On Behalf of | Apr 4, 2024 | Family Law

Summer gives you a lot of opportunities to spend more time with your children, perhaps especially if you’re separated or divorced from your co-parent. However, summer also disrupts the usual parenting routine that both parties have grown accustomed to during the school year.

With that in mind, you need to start communicating with your co-parent today if you want to iron out some details about how co-parenting can be smoothly navigated over the summer. Consider keeping the following tips in mind as you move forward.

Be reasonably flexible and accommodating

If your co-parent wants to take the kids on a two-week vacation that will technically roll over into your parenting time, let them – so long as you can make up the time when they get back. It’s better to be flexible than to prevent your children from what could be a wonderful experience, and the goodwill you build with your ex can be used to your advantage when you need a schedule change in the future.

Be open about your vacation plans

If you’re planning a week’s vacation with the kids or want to take a few day trips, communicate your plans with your co-parent so that they know where the kids will be. Don’t try to keep your plans secret. That puts undue pressure on the children to hide things from their other parent, and can only lead to hurt feelings and frustration. Be willing to accommodate your ex with your itinerary so you can be reached in an emergency – and ask for the same in return when they take a trip.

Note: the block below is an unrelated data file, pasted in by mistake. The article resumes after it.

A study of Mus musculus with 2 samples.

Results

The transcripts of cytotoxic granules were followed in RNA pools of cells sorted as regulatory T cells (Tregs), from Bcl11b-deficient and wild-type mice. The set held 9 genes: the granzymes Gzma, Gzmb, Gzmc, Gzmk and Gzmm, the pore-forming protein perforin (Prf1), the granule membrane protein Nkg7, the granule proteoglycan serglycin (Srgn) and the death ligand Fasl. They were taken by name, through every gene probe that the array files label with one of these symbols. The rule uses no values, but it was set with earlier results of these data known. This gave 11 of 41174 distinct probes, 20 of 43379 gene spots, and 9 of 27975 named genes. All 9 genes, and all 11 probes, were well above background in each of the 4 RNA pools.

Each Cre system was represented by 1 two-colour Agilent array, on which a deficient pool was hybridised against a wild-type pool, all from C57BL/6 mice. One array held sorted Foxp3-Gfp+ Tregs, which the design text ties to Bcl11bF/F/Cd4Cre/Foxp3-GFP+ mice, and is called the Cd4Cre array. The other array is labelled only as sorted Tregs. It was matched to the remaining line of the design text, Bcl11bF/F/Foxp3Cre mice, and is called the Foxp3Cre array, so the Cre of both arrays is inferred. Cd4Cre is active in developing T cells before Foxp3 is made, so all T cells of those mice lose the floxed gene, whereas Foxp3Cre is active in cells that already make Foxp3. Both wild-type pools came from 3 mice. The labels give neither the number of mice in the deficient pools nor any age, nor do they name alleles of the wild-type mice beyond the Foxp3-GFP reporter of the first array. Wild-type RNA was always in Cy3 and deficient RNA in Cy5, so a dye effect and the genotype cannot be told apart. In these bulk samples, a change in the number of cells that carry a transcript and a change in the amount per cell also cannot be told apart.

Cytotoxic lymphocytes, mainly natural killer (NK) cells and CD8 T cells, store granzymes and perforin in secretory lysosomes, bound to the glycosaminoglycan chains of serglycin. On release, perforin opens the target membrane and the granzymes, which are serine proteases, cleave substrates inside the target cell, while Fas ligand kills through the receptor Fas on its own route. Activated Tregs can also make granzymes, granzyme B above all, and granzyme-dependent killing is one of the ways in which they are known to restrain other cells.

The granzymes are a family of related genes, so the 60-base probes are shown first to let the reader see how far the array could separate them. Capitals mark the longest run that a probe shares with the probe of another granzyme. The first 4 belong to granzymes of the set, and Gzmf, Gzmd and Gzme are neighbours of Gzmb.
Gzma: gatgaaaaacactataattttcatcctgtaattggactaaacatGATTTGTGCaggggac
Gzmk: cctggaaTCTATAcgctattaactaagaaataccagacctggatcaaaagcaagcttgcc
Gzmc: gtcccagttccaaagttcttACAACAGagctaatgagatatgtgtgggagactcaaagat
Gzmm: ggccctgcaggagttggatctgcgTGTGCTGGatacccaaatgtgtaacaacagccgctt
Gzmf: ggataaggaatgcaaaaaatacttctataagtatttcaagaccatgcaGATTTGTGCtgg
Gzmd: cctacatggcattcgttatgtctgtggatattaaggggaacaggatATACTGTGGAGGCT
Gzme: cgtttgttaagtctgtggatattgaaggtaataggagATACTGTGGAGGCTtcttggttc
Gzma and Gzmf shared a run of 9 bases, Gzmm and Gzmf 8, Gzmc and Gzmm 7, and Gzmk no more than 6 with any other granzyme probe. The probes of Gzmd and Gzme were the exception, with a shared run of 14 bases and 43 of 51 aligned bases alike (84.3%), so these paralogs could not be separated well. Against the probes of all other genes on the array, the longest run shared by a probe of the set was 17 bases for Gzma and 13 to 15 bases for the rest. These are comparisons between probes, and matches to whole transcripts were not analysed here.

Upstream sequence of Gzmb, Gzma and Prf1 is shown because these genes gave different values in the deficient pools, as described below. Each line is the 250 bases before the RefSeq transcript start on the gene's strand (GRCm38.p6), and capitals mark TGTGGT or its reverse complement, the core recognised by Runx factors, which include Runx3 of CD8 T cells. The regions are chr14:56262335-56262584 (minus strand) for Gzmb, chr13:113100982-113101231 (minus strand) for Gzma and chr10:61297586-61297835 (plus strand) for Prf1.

Consider offering to share the summer expenses

Summer camps and summer programs, whether educational or recreational, can be life-enriching for your children – but they’re also expensive. You should basically treat these as “extra” expenses that aren’t covered by any child support agreement, just like Christmas presents. Find out how much is needed to cover the costs and offer to pay your share.

The last thing you want to do all summer is spend your time fighting with your co-parent over your parenting plan, but that’s what can happen if you aren’t proactive. Start with clear objectives in mind, aim to be kind and considerate and try to meet your ex in the middle, whenever possible to avoid legal disputes.